In the days of chaos following Mike Brown's death at the hands of a police officer, Ferguson, Mo. residents and those who traveled from across the country to demonstrate against the injustice intended to make how they felt known not just to America, but to the entire world. None of them knew how long it would take to be heard; they just wanted their message to resound no matter who was listening.
And apparently it worked — stretching as far as the ears of the Kremlin.
We know this because Russian President Vladimir Putin, while discussing matters of foreign policy, the ongoing civil war in Syria, ISIS, and the Ukraine surprised everyone during an interview Sunday on CBS News' "60 Minutes" by inserting Ferguson into the conversation on the development and growth of global democracy.
"How long did it take the democratic process to develop in the United States," Putin asked correspondent Charlie Rose. "Do you believe that everything is perfect now from the point of view of democracy in the United States? If everything was perfect there wouldn't be the problem of Ferguson. There would be no abuse by the police. But our task is to see all these problems and to respond properly."
His comment was brief, but poignant. Putin could have talked about many world affairs in which human rights were violated ranging from Uighurs in China to Saudi Arabia's abysmal record of denying rights to women and girls. But instead, perhaps because he knew he would be speaking to an American audience, he brought up Ferguson.
This means that the St. Louis suburb, which wouldn’t exactly be on the tips of the tongues of world leaders, became important because the people there at that moment made it important.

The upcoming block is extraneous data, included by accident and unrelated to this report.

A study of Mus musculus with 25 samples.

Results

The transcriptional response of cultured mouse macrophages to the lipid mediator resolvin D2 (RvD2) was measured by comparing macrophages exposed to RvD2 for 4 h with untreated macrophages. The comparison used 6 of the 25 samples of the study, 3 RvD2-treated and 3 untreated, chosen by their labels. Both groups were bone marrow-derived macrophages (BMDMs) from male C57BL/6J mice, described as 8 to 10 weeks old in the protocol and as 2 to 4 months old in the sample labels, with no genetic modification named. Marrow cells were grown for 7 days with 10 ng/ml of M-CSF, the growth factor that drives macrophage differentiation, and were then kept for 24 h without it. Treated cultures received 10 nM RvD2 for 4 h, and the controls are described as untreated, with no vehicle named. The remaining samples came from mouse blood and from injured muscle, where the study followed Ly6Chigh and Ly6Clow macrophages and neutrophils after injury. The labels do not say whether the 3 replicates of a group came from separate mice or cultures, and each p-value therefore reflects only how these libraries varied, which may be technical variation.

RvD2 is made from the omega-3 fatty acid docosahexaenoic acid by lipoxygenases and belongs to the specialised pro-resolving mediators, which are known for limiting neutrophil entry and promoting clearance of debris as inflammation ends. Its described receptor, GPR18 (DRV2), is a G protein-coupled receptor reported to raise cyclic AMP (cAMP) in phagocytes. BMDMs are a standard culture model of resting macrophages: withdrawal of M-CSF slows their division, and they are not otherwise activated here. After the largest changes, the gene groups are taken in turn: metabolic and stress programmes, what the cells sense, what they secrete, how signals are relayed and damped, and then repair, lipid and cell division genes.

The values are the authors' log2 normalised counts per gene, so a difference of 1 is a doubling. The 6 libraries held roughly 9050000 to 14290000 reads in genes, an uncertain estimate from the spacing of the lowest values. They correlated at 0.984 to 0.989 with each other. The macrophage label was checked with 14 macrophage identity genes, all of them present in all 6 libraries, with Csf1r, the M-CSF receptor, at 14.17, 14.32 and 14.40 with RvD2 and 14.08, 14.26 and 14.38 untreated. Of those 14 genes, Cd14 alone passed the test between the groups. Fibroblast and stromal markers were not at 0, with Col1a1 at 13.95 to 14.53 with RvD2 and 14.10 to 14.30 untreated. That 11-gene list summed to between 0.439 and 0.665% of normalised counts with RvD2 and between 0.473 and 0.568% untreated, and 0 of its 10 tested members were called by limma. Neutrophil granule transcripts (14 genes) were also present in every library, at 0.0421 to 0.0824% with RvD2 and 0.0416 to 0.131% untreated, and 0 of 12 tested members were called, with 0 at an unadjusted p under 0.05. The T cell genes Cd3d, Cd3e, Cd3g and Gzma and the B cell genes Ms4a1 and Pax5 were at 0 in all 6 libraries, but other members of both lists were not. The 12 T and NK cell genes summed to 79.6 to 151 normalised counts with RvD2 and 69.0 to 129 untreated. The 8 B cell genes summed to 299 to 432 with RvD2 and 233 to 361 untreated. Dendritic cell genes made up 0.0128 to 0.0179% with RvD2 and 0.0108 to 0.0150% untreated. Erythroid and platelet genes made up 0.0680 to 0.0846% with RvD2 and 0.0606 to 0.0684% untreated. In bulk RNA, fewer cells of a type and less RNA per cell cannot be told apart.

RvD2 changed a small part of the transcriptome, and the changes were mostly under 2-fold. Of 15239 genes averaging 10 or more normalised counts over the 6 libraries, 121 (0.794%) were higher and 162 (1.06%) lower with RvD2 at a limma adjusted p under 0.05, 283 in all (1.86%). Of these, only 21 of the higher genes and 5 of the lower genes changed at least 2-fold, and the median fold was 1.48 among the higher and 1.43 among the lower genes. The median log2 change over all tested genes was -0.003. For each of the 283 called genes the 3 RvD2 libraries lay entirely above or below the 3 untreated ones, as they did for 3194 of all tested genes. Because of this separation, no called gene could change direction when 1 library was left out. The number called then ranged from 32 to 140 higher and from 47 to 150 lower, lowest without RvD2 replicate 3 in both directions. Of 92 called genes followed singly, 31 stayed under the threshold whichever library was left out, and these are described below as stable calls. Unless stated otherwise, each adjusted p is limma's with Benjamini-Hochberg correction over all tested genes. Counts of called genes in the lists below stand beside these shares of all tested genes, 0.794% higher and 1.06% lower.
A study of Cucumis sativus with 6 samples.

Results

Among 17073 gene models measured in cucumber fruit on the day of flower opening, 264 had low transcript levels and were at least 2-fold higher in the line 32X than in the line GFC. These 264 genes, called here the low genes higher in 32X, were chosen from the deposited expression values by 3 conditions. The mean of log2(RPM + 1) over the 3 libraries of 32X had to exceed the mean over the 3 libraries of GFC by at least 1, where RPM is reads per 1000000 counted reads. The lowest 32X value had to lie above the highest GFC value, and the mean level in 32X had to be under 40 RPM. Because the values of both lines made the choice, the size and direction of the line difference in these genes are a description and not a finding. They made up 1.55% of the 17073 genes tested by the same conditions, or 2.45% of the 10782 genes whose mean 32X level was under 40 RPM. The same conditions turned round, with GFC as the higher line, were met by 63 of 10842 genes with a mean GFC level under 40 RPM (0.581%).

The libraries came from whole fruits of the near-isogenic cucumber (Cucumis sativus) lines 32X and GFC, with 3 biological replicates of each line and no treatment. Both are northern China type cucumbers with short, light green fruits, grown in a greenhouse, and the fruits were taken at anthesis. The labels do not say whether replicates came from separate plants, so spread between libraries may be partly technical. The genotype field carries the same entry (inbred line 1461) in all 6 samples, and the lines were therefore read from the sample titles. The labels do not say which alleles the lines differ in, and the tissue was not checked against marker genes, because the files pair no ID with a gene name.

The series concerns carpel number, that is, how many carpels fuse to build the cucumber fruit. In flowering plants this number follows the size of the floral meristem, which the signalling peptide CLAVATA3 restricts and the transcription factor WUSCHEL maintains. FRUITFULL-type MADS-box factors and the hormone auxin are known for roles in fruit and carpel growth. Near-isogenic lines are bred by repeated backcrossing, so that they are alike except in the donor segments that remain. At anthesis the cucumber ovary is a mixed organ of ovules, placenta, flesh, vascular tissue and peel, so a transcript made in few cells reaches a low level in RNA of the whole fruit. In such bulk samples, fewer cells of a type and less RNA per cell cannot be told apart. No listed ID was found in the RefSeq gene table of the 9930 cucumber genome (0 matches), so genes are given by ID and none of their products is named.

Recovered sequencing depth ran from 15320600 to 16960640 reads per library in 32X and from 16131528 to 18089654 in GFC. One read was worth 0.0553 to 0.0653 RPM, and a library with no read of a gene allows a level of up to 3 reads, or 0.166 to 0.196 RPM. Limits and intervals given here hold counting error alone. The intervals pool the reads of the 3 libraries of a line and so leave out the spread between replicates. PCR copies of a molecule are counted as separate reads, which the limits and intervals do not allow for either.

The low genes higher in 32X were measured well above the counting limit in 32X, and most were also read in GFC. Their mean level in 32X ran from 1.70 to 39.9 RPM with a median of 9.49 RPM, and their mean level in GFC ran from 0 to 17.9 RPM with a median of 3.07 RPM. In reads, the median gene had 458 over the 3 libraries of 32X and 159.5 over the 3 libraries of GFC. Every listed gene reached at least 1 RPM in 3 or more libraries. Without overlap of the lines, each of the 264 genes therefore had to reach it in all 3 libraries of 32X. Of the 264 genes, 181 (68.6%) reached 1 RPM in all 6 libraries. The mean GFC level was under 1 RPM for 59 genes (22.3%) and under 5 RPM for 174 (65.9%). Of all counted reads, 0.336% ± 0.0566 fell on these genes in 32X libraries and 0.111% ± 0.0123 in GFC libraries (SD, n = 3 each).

Putin is not the first world leader to speak critically about Ferguson. Last August, just after the initial demonstrations, North Korea's state news agency KCNA — basically the mouthpiece for leader Kim Jong Un — called the U.S. a "laughingstock" over what happened, saying "The protests in Ferguson City and other parts of the U.S. are an eruption of the pent-up discontent and resistance of the people against racial discrimination and inequality deeply rooted in the American society."
Granted, the DPRK is really in no position to criticize other nations' human rights abuses. For them it was probably an opportunity to take a shot at America. In doing so, however, they revealed very real holes in our democracy that are as noticeable as a parade of tanks and soldiers that invade our news screens when the Mike Browns, Eric Garners, Tamir Rices and Sandra Blands of the world fall to injustice.
Russia itself is no stranger to human rights abuses, and therefore cannot point fingers at the United States. Since Putin came back into power in 2012, there has been a list of abuses, not the least of which is the Russian occupation of Crimea. The country's involvement in Syria and support of president Bashar al-Assad (who has been implicated in war crimes) is something Putin and President Obama sparred over at the United Nations on Monday.
Still, it all comes back to Putin bringing up Ferguson. It would be hard to ask him now why the city came so quickly to mind in the midst of the conversation with Rose just before once again disappearing in a sea of global topics in the interview.
And it still makes us wonder how much discussion was there in the Kremlin about that city, Baltimore, New York, Cleveland and the many other cities where thumbtacks are made on the map of places where African Americans died at the hands of police, but where justice was as elusive for them as the KGB once was for America.
Madison J. Gray is Managing Editor of Ebony.com. Follow him on Twitter @madisonjgray.